Sometimes when a significant public figure dies, even, perhaps especially, when that death comes as no surprise and may, indeed, be considered some form of release there is a natural tendency to wonder if the blanket media coverage that invariably follows is altogether appropriate or even seemly. Is it not all too much? A man is merely a man; a woman merely a woman.
Sometimes too, it is natural to react to the endless parade of tributes and wonder how genuine they really are. Is there not something vainglorious about them? Is there not something a little ridiculous about all these attempts to cling to the coat-tails of greatness?
Perhaps sometimes there is. But not tonight.
For more than two hours now I have been watching the coverage of the news of Nelson Mandela’s death. For more than two hours I have watched my Twitter and Facebook feeds devoted to a single subject as never before. And none of it feels too much at all. I want to be reminded of Mandela’s greatest or most generous or most poignant remarks. I want to see how tomorrow’s newspapers will treat his passing. A lot is talked about social media and most of it is rot but this is a moment, a rare moment, in which it makes the world seem a smaller, warmer, place. A better place as well.
So the cumulative effect has been heartening, even moving. What might in other circumstances seem me-too vaingloriousness is, tonight, better understood as a demonstration of how one man – yes, a mere man but not just that either – can touch and inspire millions of people. And there is something touching about this. Something wondrous about how Mandela’s death, no great shock though it was, has prompted such an outpouring of feeling.
We lapse into cynicism all too easily and sometimes cynicism is an appropriate response to the daily degradations of ordinary politics. But there are other times – and this is one – in which cynicism is best put aside. If we can – and we do – recognise greatness in other fields of human endeavour we should be prepared to countenance the idea it can exist in politics too. Few may be admitted to the pantheon but the pantheon exists.
Nelson Mandela was a great man.
The greatest man of my lifetime. No-one else these past forty years has had such an impact. There were many heroes who helped tear down the Berlin Wall but none of them as individuals played as decisive or transformational role as Mandela did in South Africa.
Many great pieces will be written today and in the days to come by people who knew much more about Mandela and South Africa or who have much greater standing to write about Mandela than me. They will help deepen our awareness of Mandela’s greatness.
It is a greatness to savour because, in the end, it is a greatness that rested on something for which people the world over yearn: hope. Hope that mankind can forge a better future freed from the horrors of its past. Hope that the world can become a better place. Hope that the better angels of our nature may yet prevail.
So it seemed entirely appropriate that in his own tribute to Mandela President Barack Obama echoed the words of Edwin Stanton, US Secretary of War, on the death of the greatest of all American presidents. Like Abraham Lincoln, Nelson Mandela now belongs to the ages.
The comparison with Lincoln is neither far-fetched nor misplaced. That was the level of Mandela’s greatness. There is no need to measure these champions against one another; it merely suffices to say that neither man is insulted by the comparison.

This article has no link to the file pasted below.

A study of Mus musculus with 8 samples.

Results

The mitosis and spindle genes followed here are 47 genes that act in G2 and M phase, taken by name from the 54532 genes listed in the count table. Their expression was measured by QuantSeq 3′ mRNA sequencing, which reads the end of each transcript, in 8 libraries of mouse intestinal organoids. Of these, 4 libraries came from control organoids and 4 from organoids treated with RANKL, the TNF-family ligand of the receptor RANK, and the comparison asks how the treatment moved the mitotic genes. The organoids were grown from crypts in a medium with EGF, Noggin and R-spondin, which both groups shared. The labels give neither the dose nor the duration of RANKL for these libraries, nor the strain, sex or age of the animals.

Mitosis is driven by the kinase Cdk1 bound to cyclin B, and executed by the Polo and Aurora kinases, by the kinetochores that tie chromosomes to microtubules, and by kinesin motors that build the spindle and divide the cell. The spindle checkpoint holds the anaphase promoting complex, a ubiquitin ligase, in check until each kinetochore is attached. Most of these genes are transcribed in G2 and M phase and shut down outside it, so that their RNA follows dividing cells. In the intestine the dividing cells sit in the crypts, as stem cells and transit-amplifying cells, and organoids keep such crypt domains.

Rightly, much of the emphasis tonight has been on Mandela’s extraordinary powers of empathy and forgiveness. But he could never have been in a position to demonstrate that rich humanity had he not been a fighter first.
The fighting was important for without the fighting, both before he went to prison and during the long years of his captivity, there could have been no peace. In this too comparisons with Lincoln are far from fatuous.
Their situations and the challenges they faced were, of course, very different. But they had this in common: like Abraham Lincoln Nelson Mandela saved his country. Like Lincoln, it is impossible to imagine anyone else matching his achievements. He could not cure his country any more than Lincoln could cure his but he did something more important: he gave it a chance to cure itself. And to do so in freedom. But in neither instance was this opportunity preordained or guaranteed.
He was not a saint (as he often said himself) and, like any man, he made any number of mistakes. But there is something pointless about measuring a life such as this as though it were a matter of mere accountancy, replete with entries in columns marked “profit” and “loss”.
Mandela’s life was marked by courage and stoicism and grace. He made us feel better about ourselves not because we could emulate his example – we could not for we would surely be found wanting – but because he gave us an idea of what humanity could aspire to be.
And so it seems to me that of the many appropriate responses to Mandela’s death not the least fitting is the conclusion to Abraham Lincoln’s second inaugural address:
With malice toward none, with charity for all, with firmness in the right as God gives us to see the right, let us strive on to finish the work we are in, to bind up the nation’s wounds, to care for him who shall have borne the battle and for his widow and his orphan, to do all which may achieve and cherish a just and lasting peace among ourselves and with all nations.
A tough challenge to meet, both personally and collectively, but one worth aspiring towards. It is in our hands now.